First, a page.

One of our iOS teams at iCapps is currently working on a project where we need to be able to play HLS video streams that are protected. It took a while to find out how everything works from a technical perspective. So once we found a working solution, I decided to share this knowledge in a blogpost.


Now just for the record: what is HLS? HLS stands for HTTP Live Streaming. It's a protocol that allows you to send on-demand or live video or audio streams to your devices. This technology is developed by Apple, and is optimised to deliver the best possible quality. It adapts seamlessly to the network conditions, so when the network is unreliable, HLS will adapt without causing user-visible playback stalling.

Why would you want to use HLS and not MPEG-DASH or others? Well, when you want to stream to Apple systems, then I recommend using it. This is especially true in the case of Apple TV. HLS is currently the only streaming protocol that can be used by developers.


Digital Rights Management (DRM in short) allows a content provider to securely manage multimedia content. Its main goal is to protect by encrypting the video fragment so it cannot be copied without authorization. The DRM technology used by and developed by Apple is FairPlay.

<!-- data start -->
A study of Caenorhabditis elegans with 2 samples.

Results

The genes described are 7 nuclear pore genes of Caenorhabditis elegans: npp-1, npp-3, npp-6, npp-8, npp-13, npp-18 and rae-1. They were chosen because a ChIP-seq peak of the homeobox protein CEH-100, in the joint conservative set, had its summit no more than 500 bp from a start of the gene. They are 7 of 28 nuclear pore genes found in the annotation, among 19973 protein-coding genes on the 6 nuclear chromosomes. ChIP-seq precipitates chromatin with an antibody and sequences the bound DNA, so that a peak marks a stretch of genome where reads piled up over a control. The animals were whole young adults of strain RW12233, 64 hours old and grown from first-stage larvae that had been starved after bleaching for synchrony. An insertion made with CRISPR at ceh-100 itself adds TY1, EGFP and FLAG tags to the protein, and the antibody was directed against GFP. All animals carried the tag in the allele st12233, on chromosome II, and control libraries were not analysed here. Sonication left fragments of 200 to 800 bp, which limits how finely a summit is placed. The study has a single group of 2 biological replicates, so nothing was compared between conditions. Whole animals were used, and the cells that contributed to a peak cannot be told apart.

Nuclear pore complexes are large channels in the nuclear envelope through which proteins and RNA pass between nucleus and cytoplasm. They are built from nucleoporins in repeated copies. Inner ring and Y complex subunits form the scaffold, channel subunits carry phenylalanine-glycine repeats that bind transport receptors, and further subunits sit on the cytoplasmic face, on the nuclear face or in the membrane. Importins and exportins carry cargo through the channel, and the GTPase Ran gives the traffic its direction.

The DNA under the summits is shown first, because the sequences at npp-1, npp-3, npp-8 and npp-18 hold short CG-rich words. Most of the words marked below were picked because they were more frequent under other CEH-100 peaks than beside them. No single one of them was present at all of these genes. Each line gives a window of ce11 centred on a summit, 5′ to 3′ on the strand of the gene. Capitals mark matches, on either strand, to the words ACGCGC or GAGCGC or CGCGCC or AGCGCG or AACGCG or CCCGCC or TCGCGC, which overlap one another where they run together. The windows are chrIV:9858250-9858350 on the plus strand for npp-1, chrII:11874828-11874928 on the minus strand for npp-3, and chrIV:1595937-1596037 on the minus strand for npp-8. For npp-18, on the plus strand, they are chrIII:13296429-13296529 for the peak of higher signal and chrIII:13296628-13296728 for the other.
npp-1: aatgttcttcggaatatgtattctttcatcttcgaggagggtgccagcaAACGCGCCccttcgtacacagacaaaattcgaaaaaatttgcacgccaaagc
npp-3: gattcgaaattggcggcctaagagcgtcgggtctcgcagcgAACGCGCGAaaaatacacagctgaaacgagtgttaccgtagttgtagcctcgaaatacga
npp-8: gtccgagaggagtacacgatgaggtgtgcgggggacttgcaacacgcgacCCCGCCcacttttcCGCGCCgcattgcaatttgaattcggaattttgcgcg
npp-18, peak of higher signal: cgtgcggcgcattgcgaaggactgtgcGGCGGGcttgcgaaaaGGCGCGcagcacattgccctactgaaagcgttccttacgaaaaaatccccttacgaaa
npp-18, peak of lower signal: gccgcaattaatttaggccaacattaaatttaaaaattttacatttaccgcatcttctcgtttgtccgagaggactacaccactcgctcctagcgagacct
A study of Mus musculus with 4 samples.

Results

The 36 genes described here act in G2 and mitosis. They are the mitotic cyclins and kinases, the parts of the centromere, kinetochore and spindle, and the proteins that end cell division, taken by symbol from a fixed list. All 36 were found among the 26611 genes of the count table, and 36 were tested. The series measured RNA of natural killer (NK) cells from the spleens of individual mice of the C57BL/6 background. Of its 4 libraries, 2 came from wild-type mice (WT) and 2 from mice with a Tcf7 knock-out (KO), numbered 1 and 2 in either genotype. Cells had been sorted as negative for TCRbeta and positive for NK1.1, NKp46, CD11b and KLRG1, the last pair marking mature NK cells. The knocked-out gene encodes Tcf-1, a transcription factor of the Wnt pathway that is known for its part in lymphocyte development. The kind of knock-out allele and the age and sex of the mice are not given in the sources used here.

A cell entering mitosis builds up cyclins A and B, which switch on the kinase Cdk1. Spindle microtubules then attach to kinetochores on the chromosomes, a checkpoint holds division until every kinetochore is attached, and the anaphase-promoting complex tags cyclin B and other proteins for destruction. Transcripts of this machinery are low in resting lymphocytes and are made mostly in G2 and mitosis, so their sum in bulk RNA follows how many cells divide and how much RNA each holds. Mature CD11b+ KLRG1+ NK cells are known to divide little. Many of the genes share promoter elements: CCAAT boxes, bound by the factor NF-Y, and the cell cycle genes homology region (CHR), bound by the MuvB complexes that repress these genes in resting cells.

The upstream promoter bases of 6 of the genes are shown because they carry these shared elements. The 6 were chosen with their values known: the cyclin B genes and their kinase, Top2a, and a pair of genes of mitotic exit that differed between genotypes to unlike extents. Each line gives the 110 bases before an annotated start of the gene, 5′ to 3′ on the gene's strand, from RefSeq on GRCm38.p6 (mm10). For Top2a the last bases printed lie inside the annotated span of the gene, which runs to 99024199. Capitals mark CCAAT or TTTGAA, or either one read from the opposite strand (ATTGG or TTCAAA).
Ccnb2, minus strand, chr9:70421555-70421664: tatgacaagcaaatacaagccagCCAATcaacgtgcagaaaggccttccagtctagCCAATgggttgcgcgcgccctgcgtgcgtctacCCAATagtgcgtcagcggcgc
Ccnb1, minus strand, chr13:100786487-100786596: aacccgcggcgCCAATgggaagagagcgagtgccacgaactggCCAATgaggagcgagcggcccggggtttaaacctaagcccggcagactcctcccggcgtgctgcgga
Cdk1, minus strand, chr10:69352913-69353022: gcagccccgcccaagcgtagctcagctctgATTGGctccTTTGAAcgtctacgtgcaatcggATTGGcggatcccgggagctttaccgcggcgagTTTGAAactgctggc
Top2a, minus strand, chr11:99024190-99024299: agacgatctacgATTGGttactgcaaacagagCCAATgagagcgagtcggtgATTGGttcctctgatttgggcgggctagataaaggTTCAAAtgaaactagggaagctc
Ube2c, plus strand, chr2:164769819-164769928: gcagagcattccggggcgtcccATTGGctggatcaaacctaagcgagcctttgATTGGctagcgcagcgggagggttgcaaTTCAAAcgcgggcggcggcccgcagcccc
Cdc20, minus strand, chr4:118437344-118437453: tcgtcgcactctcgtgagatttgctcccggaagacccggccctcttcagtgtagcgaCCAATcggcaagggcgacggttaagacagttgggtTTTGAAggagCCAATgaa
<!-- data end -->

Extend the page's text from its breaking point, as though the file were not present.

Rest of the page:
FairPlay allows you to securely send the streaming content to the device. It securely delivers keys to Apple devices that make it possible to decrypt the encrypted content.

A big advantage of using HSL with FairPlay is that you can even stream the encrypted content over AirPlay. So no more black screens on your TV!

How does it work?

Here is a small overview of what happens when you want to play protected content on your device,

  1. The application will send a video or audio stream to the native player.
  2. The native player will read the playlist from the manifest and will come back to the app when the content is protected.
  3. Your app will request an encrypted Server Playback Context (SPC) message from the OS. This will be generated by combining the correct FairPlay application certificate and a content identifier.
  4. The encrypted SPC message is uploaded to the Key Server Module (KSM), also known as your content provider's DRM server.
  5. If the SPC is correct, the KSM will return an encrypted Content Key Context (CKC) message.
  6. This CKC is sent back to the native player and now the player is capable of decrypting the stream. 

Here is a small graph of what happens in a nutshell. Credits go to Apple.

I'm not a big fan of all the abbreviations used in the above explanation. But it helped me to get through the decryption process.


Explaining what needs to happen was the easy part. Now I'll go through the above steps from a technical perspective.

  1. Send an encrypted audio or video stream to AVPlayer.